OSTIA Antica is one of Italy's finest and most under appreciated archaeological sites. At the mouth of the River Tiber and the fabulous ancient port city of Rome, it is like a perfectly preserved city.
Founded in the 4th century BC, the city started as a fortified military camp guarding the mouth of the Tiber and quickly grew to become a thriving port with a population of 60,000 by the 2nd century AD.
Decline set in after the fall of the Roman Empire and by the 9th century the city had largely been abandoned, its citizens driven off by barbarian raids and outbreaks of malaria. Over subsequent centuries it was plundered of marble and building materials and its ruins were gradually buried in river silt, hence their survival.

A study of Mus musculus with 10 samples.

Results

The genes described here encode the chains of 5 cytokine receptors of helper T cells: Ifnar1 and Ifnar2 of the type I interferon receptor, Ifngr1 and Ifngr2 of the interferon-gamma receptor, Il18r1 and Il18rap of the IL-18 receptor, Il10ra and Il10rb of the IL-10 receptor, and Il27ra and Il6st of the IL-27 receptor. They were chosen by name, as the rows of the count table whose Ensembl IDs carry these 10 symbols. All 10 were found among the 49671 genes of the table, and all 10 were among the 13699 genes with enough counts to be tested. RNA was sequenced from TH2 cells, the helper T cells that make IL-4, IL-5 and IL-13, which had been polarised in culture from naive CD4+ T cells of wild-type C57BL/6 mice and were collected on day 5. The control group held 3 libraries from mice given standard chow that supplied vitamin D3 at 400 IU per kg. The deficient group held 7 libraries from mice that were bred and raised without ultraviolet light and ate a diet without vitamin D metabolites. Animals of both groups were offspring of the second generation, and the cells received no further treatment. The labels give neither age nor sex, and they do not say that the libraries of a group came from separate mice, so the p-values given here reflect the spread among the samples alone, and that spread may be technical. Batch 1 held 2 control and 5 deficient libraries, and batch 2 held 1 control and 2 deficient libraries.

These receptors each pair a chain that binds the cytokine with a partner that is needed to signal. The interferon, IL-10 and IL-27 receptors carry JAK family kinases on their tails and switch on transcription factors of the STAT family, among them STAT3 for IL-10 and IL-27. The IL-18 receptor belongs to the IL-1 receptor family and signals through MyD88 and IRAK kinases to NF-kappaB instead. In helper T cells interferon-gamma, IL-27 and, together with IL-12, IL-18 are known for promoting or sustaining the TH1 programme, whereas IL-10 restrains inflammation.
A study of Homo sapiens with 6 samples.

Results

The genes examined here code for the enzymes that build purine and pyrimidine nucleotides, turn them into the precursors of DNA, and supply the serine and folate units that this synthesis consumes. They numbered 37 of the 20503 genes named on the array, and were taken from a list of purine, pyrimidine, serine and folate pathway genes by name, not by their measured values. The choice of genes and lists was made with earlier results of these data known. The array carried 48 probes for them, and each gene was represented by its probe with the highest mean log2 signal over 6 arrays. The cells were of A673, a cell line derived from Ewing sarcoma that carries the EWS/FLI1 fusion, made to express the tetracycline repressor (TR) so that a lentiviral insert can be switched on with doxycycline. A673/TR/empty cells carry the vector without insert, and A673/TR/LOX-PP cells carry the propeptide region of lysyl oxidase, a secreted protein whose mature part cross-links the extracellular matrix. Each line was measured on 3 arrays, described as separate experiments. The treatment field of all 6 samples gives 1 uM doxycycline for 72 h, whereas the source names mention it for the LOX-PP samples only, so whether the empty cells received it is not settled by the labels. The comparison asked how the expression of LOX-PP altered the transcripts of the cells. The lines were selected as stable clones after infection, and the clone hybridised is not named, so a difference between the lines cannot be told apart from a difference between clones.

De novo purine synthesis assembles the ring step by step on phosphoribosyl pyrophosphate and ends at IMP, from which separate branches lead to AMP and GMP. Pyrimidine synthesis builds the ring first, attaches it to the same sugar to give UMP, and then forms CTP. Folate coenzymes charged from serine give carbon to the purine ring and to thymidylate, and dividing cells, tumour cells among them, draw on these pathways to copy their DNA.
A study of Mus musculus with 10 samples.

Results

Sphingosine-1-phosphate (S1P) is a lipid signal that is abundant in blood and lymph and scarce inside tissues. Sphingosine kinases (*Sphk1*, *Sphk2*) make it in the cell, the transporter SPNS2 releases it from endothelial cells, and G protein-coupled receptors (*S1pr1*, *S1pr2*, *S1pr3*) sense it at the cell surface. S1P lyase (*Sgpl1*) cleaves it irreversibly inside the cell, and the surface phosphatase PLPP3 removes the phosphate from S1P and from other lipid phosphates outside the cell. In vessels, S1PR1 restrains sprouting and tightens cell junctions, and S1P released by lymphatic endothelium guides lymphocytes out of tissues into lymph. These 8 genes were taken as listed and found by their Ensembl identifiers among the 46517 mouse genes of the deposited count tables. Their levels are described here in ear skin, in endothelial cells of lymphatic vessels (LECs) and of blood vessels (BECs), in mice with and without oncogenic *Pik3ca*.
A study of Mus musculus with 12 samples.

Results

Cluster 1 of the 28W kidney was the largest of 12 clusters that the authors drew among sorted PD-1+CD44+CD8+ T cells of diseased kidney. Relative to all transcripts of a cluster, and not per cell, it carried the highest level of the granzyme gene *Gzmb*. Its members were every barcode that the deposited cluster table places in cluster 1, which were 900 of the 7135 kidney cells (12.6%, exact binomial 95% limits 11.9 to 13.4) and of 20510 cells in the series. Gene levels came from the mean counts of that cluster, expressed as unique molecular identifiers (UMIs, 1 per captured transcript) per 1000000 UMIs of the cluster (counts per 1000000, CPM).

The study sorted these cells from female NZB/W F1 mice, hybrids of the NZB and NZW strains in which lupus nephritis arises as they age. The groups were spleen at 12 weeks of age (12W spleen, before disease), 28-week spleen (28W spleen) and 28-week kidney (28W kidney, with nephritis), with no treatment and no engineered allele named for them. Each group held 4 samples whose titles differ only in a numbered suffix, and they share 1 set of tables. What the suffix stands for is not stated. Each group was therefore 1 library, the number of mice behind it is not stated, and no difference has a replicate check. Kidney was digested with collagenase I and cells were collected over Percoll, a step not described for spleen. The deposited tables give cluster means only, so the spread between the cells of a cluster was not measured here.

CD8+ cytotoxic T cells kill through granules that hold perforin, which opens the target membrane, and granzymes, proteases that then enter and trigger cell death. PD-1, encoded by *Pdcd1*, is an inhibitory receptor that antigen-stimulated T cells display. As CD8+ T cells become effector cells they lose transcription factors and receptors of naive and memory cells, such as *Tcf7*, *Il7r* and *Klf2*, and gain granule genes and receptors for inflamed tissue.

Sitting on the top of the ancient arena scanning the ruins of Ostia, I let my imagination take me back 2000 years to the days when this was Ancient Rome's seaport and a thriving commercial centre.
Wandering around the ruins you can see the remains of the docks, warehouses, apartments, mansions, shopping arcades and baths which reveal a remarkably intact look at what it must have been like in those times. One of the highlights is the beautiful mosaic floors preserved by the covering of silt.
Ostia was settled around 620BC, its central attraction was the salt gleaned from nearby salt flats, which served as a precious meat preserver. Later, around 400BC, Rome conquered Ostia and made it a naval base, complete with a fort. By 150AD when Rome controlled all the Mediterranean, Ostia served as its busy commercial port.
Ostia Antica is just 30 minutes train journey from the Colosseum and offers ancient thrills to rival Pompeii. It's well worth a visit and is an enjoyable day out of the hustle and bustle of Rome.